A family from Afghanistan arrives from the northeastern Greek island of Lesbos to the Athens' port of Piraeus on Monday, Sept. 7, 2015.

A family from Afghanistan arrives from the northeastern Greek island of Lesbos to the Athens' port of Piraeus on Monday, Sept. 7, 2015.

Each day an estimated 7,000 Afghans apply for passports

Afghans do not apply for passports unless they intend to travel outside the country since they do not use passports for identification at home.

That means more than 200,000 Afghans plan on leaving the country each month — a sudden and dramatic increase.

The head of the Afghan passport distribution directorate, General Sayed Omar Saboori, told VOA the directorate's central and provincial offices have the capacity to provide only 2,500 passports on a daily basis.

“The system was primarily designed for 1,000 passports countrywide, but in recent months because of the rising demand, we are working both shifts,” said General Saboori. “Thousands of applicants wait all day long, and we can only do so much to meet the rising demand."

Dangerous journey to Europe

Right now, Afghans are the second largest group — behind Syrians — waiting on the shores of Europe, hoping to embrace a new life on the continent.

Most undertake unthinkably dangerous journeys seeking a better future in Europe.

According to Babar Baluch of United Nations Refugee Agency (UNHCR) in Hungary, of the 140,000 people who sought asylum in Hungary alone this year, 40,000 of them are Afghans.

“[And most arrive] in ships that can easily capsize because of the overload and a lot of them did, resulting in the tragic death of countless people who drowned in the ocean," he said.

Zalmai Rasooli, who lives in northern Parwan province, experienced this journey himself.

“Two years ago, I decided to leave the country and reach Europe," he said. "I went through Iran and Turkey and reached Greece after months of travel and tremendous amount of hardship. I was caught at the border of Greece and deported back to Afghanistan.”

Rasooli recalls seeing a boat capsize. To this day he's convinced none of its 40 refugees could have survived.

But that immense risk will not deter him from making the journey all over again.

Afghanistan, he says, doesn't have anything to offer him, and he plans to leave the country soon.

Disappointed youth

On Monday, hundreds of Afghans took to the streets in the capital, Kabul, to protest against the rising unemployment in the country. Protestors were complaining about the lack of employment opportunities and warned of “mass exodus” if the government fails to address the issue.

“If the unemployment issue is not addressed, we will soon witness an empty Kabul,” said Sharif, a protestor, who like many Afghans goes by only one name.

Over 60 percent of Afghans are aged 18-25, making Afghanistan one of the youngest countries in the world.

The Afghan government acknowledges the seriousness of unemployment in the country. Spokesperson for the Ministry of Labor and Social Affairs, Ali Eftekhari, told VOA the government is working on short and long-term projects to address unemployment.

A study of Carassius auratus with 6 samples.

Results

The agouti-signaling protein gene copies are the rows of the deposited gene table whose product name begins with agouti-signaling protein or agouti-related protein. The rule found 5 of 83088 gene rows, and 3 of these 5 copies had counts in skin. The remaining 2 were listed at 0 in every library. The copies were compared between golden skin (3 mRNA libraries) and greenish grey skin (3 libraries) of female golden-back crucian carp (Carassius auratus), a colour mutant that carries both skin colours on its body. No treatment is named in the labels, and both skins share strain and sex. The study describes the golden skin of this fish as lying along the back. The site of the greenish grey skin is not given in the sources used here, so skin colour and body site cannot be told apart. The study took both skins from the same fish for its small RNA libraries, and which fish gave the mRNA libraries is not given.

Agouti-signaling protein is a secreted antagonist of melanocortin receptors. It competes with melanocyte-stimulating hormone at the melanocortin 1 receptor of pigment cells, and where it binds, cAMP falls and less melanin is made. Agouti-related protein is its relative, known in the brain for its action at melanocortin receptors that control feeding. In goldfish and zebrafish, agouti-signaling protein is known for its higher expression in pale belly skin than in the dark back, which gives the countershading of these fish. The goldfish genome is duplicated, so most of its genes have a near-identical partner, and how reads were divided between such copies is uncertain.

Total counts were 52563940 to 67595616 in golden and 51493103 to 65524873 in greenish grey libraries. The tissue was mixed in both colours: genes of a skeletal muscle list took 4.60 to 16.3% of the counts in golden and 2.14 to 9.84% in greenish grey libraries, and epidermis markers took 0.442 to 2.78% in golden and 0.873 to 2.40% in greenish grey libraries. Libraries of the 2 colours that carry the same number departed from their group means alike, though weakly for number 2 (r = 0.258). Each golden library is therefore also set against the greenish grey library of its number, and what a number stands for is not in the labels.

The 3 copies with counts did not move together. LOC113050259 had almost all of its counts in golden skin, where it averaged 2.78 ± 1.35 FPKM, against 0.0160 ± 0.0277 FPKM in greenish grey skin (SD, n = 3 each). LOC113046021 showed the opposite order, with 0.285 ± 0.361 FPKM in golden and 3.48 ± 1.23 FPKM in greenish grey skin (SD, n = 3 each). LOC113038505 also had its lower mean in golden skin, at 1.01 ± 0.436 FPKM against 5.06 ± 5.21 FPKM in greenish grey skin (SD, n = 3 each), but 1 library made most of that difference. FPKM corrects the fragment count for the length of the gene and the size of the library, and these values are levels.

“In the long-run, we will provide enduring employment opportunities for Afghans through building economic infrastructures in the country, but in the short run, we are in discussions with a number of Arab countries that are in need of workers,” he said.

Opportunities for the educated

Hanif Sufizada, a Fulbright scholar who graduated from Cornell University’s Institute of Public Affairs, paints a rather bright picture of opportunities in Afghanistan.

“After graduating from Cornell University in public administration, I came back to Afghanistan to join a newly established National Unity Government because of ample employment opportunities in the area of my specialization," he said.

One of the 450 Afghan Fulbright scholars who came to the U.S. for education, Sufizada said that some fellow scholars, pessimistic about the direction their country was headed in, chose to remain in the U.S. upon the completion of their degrees. Others returned and are working in various sections of the Afghan government.

Despite the situation of youth in Afghanistan, thousands are employed by the Afghan government and international organizations.

In the last 14 years, tens of thousands of Afghans have left the country in pursuit of academic opportunities. Similarly, tens of thousands graduated from local universities, a potentially tremendous asset for the Afghan economy should they be given the opportunity.

But a young society can be a double edged sword. Employed, young people contribute to the country’s economy; unemployed, they can be a force of instability. As one of those who took part in Monday’s protest in Kabul said, “It's unemployment that pushes Afghan youth to join the insurgents or use drugs.”